Mercy and truth preserve the king: and his throne is upheld by mercy.
Mercy is again mentioned, to show that although it be an act of grace, and therefore in some sort free, yet princes are obliged to it, both by their duty and by their interest, because it is a singular means of their preservation. Psalm 40:11;
and his throne is upholden by mercy; this explains what is meant by the preservation of him, and what is the security of his throne and kingdom, which is clemency and goodness to his subjects.Mercy and truth preserve the king: and his throne is upholden by mercy.
EXEGETICAL (ORIGINAL LANGUAGES)Verse 28. - Mercy and truth preserve the king. (For "mercy and truth," see note on Proverbs 3:3.) The love and faithfulness which the king displays in dealing with his subjects elicits the like virtues in them, and these are the safeguard of his throne. His throne is upholden by mercy; or, love. So the king is well called the father of his people, and in modern times the epithet "gracious" is applied to the sovereign as being the fountain of mercy and condescension. Sallust, 'Jugurtha,' 10, "Non exercitus neque thesauri praesidia regni sunt, verum amici, quos neque armis cogere neque auro parare queas; officio et fide pariuntur." Septuagint, "Mercy (ἐλεημοσύνη) and truth are a guard to a king, and will surround his throne with righteousness." "The subject's love," says our English maxim, "is the king's lifeguard."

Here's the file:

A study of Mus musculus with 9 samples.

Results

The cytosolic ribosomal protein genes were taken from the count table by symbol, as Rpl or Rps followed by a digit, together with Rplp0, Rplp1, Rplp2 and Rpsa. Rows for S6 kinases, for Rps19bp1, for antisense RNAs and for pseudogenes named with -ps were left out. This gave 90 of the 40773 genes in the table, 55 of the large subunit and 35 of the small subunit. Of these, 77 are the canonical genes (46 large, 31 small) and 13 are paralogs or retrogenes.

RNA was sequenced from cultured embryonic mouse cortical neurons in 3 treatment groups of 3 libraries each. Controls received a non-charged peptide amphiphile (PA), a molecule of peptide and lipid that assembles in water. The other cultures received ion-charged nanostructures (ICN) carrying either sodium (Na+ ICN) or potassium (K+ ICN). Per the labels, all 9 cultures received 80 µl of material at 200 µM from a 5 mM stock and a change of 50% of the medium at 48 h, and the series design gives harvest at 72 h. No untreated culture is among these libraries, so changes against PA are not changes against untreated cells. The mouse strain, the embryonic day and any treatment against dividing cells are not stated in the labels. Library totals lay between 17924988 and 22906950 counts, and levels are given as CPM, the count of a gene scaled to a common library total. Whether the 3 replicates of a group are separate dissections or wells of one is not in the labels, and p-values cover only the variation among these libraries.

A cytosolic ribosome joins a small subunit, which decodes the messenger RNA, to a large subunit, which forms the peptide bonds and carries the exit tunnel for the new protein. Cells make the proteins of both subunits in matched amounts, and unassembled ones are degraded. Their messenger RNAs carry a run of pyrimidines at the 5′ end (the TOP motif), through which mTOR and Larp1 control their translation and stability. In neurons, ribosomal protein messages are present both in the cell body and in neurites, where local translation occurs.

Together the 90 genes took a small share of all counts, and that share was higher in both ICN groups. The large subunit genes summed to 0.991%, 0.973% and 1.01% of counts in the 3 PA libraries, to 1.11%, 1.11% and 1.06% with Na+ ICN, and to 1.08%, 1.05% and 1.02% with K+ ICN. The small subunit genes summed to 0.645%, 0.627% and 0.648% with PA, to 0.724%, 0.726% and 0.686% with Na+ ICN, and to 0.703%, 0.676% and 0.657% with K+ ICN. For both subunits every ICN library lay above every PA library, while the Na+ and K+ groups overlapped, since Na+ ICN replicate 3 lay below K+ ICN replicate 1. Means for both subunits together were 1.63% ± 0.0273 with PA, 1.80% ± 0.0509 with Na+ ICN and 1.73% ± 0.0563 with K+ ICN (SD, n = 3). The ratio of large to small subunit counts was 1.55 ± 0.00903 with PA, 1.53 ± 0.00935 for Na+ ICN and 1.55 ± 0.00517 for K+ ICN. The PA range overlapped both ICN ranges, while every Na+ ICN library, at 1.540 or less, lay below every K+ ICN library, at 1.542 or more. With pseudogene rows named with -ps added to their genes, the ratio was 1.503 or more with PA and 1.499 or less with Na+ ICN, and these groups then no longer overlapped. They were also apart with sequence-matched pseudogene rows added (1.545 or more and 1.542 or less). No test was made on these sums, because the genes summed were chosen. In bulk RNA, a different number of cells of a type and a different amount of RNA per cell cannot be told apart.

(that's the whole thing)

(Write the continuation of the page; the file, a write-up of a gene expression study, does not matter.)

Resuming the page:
Hope in Jahve, so will He help thee.
Men ought always to act toward their neighbours according to the law of love, and not according to the jus talionis, Proverbs 24:29; they ought not only, by requiting good with evil (Proverbs 16:13; Psalm 7:5, Psalm 35:12), not to transgress this law of requital, but they ought to surpass it, by also recompensing not evil with evil (vid., regarding שׁלּם, and synon. to Proverbs 17:13); and that is what the proverb means, for 22b supposes injustice suffered, which might stir up a spirit of revenge. It does not, however, say that men ought to commit the taking of vengeance to God; but, in the sense of Romans 12:17-19; 1 Peter 3:9, that, renouncing all dependence on self, they ought to commit their deliverance out of the distress into which they have fallen, and their vindication, into the hands of God; for the promise is not that He will avenge them, but that He will help them. The jussive וישׁע (write וישׁע, according to Metheg-setzung, 42, with Gaja as העמדה, with the ע to secure distinct utterance to the final guttural) states as a consequence, like, e.g., 2 Kings 5:10, what will then happen (Jerome, Luther, Hitzig) if one lets God rule (Gesen. 128, 2c); equally possible, syntactically, is the rendering: that He may help thee (lxx, Ewald); but, regarded as a promise, the words are more in accordance with the spirit of the proverb, and they round it off more expressively.